Misinformation is a major threat to companies around the world and the danger is likely to grow in future, say business leaders.
That is according to the newly-published survey Does fake news affect your business? from thought leadership specialist, iResearch Services.
Most of the 600 business leaders and 1,000 consumers surveyed said that misinformation is an extreme problem or a common issue.
And more business leaders (54%) than consumers (44%) believe it will be a bigger problem in 20 years.
Yogesh Shah, CEO at iResearch Services, says, “Misinformation thrives where there is a lack of accurate information. This suggests that businesses that are actively and effectively communicating information to their customers and the public are best poised to stay ahead of fake news and possess more credibility.”
WHY DO MOST BUSINESSES THINK THINGS WILL BE WORSE IN 20 YEARS?
Business leaders consider manipulated content – including fake news, distorted images and clickbait headlines – to be the biggest threat to their companies. Around one in three (37%) of both consumers and business leaders believe that manipulated context has the most impact on society and businesses.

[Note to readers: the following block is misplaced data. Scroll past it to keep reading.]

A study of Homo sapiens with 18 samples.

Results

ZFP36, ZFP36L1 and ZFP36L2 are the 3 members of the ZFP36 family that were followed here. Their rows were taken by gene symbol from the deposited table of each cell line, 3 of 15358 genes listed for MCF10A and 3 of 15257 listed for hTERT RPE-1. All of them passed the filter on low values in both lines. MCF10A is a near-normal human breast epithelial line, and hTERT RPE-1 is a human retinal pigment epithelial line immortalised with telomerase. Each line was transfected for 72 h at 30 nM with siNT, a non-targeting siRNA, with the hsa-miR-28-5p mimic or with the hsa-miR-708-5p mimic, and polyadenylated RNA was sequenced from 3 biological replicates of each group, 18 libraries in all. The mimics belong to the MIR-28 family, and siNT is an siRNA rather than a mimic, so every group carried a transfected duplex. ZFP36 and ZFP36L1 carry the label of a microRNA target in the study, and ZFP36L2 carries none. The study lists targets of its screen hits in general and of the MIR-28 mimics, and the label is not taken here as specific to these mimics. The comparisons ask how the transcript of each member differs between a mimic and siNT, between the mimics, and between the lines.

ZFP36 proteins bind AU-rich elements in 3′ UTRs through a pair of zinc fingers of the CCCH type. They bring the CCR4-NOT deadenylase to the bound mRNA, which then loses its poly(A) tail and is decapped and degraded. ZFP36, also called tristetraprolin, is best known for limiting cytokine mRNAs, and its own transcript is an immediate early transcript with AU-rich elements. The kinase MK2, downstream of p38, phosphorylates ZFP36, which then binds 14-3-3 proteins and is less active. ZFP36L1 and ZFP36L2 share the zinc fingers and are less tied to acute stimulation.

Across industries, it is seen as the biggest threat by business leaders in financial services (43%), healthcare (37%), marketing and communications (34%), and information technology and services (33%).
The issue of misinformation is vital for business sales and profitability, as most consumers (85%) say they would not buy a product from a company associated with misinformation.
Reinforcing that message, 90% of consumers surveyed say reliable information is a “very important” or “fairly important” factor, affecting whether they choose to buy a product or service from a particular business.
One form of misinformation – ‘greenwashing’, where businesses claim their products are more environmentally friendly than they are in reality, is a major issue for the sustainability sector and those investing in it.
Most consumers aged 18-55 (67%) surveyed say businesses are doing at least what they say regarding sustainability. But those over 56 are much more sceptical, with 62% saying businesses are doing less than they promise.
More than two-thirds (68%) of business leaders say their sustainability messaging accurately reflects the level of activity taken, but 41% of consumers assert they are doing less than they say. “This gap between the sentiments of business leaders and consumers indicates that companies still have more work to do to communicate their efforts when it comes to sustainability,” says Yogesh.